Erm, folks, you need to get your economic history straight here.
“In 2014 Bernanke hinted that the time had come to sell some of this vast fund back to private investors or, more precisely, to stop buying back the bonds when they matured.
Widely seen as a precursor to much higher interest rates, this had the effect of sending the cost of borrowing in dollars over the next 30 years rocketing.
Markets across the world went into shock. The taper tantrum, as it became known,”
No. As part of the Fed itself says, that’s not what happened at all:
First, positive economic news in the spring of 2013 led Federal Reserve Chairman Ben Bernanke to testify to Congress on May 22, 2013, that the Fed would likely start slowing—that is, tapering—the pace of its bond purchases later in the year, conditional on continuing good economic news. This testimony laid the groundwork for the June 19 press conference in which the Chairman optimistically described economic conditions and again suggested that asset purchases might be reduced later in 2013: “[T]he Committee currently anticipates that it would be appropriate to moderate the monthly pace of purchases later this year.”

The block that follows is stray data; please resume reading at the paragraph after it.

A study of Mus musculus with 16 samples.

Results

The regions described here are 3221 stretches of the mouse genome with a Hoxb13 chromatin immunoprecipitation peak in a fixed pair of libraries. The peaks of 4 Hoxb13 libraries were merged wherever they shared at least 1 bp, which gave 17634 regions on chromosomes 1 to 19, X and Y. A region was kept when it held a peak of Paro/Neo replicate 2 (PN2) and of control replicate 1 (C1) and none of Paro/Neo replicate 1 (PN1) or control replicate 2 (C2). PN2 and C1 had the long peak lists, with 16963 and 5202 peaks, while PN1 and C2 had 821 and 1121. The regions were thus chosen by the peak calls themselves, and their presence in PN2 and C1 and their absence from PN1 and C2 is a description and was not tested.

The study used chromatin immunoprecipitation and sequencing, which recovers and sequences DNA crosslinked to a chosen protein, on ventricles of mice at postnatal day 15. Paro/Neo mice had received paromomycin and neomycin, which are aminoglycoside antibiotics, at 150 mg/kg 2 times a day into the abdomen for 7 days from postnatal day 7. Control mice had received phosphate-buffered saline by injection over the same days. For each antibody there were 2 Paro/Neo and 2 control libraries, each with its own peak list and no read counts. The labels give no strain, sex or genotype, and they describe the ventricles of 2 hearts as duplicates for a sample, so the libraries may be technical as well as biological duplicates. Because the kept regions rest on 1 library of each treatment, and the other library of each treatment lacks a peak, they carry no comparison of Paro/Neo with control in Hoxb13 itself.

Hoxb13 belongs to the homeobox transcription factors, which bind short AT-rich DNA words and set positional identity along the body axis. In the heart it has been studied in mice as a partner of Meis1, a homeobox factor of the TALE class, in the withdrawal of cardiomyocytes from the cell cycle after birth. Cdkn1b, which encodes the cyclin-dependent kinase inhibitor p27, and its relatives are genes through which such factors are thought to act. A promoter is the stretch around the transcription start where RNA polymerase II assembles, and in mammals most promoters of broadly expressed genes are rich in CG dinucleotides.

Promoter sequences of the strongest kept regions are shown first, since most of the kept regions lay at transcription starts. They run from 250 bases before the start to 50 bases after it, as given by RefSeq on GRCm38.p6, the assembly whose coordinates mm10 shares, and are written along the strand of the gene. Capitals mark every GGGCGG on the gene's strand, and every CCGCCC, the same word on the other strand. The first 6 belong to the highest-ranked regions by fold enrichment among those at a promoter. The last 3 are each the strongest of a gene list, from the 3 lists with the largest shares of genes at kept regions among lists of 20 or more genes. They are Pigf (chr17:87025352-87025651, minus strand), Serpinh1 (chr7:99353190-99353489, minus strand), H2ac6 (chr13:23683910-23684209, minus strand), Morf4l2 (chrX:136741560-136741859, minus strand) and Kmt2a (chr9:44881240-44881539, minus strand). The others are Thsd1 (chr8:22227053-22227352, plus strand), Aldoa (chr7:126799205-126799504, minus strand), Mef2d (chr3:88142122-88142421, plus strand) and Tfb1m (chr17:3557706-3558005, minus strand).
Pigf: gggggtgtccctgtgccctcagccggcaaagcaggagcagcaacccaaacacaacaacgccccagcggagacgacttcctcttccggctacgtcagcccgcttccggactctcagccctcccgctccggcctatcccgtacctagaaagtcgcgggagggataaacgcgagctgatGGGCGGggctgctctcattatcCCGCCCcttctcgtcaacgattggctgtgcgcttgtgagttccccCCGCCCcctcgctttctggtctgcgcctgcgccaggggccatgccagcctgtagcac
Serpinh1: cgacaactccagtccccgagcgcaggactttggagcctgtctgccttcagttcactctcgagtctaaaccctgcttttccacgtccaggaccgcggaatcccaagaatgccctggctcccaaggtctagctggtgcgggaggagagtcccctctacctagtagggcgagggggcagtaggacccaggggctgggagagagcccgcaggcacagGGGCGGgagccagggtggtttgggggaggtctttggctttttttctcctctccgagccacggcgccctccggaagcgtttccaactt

It was in 2013, not 2014. And it wasn’t about selling bonds back into the market, nor was it about not replacing bonds as they matured. It was about *not adding* to the stock of QE bonds. The taper tantrum was about not increasing the amount of QE, not about not maintaining the amount of QE that is.
Getting basic historical facts wrong does lead to slight concerns about the validity of the subsequent analysis, doesn’t it?
As to which, if borrowing is indeed out of control then raising rates to curb borrowing is the appropriate policy, isn’t it?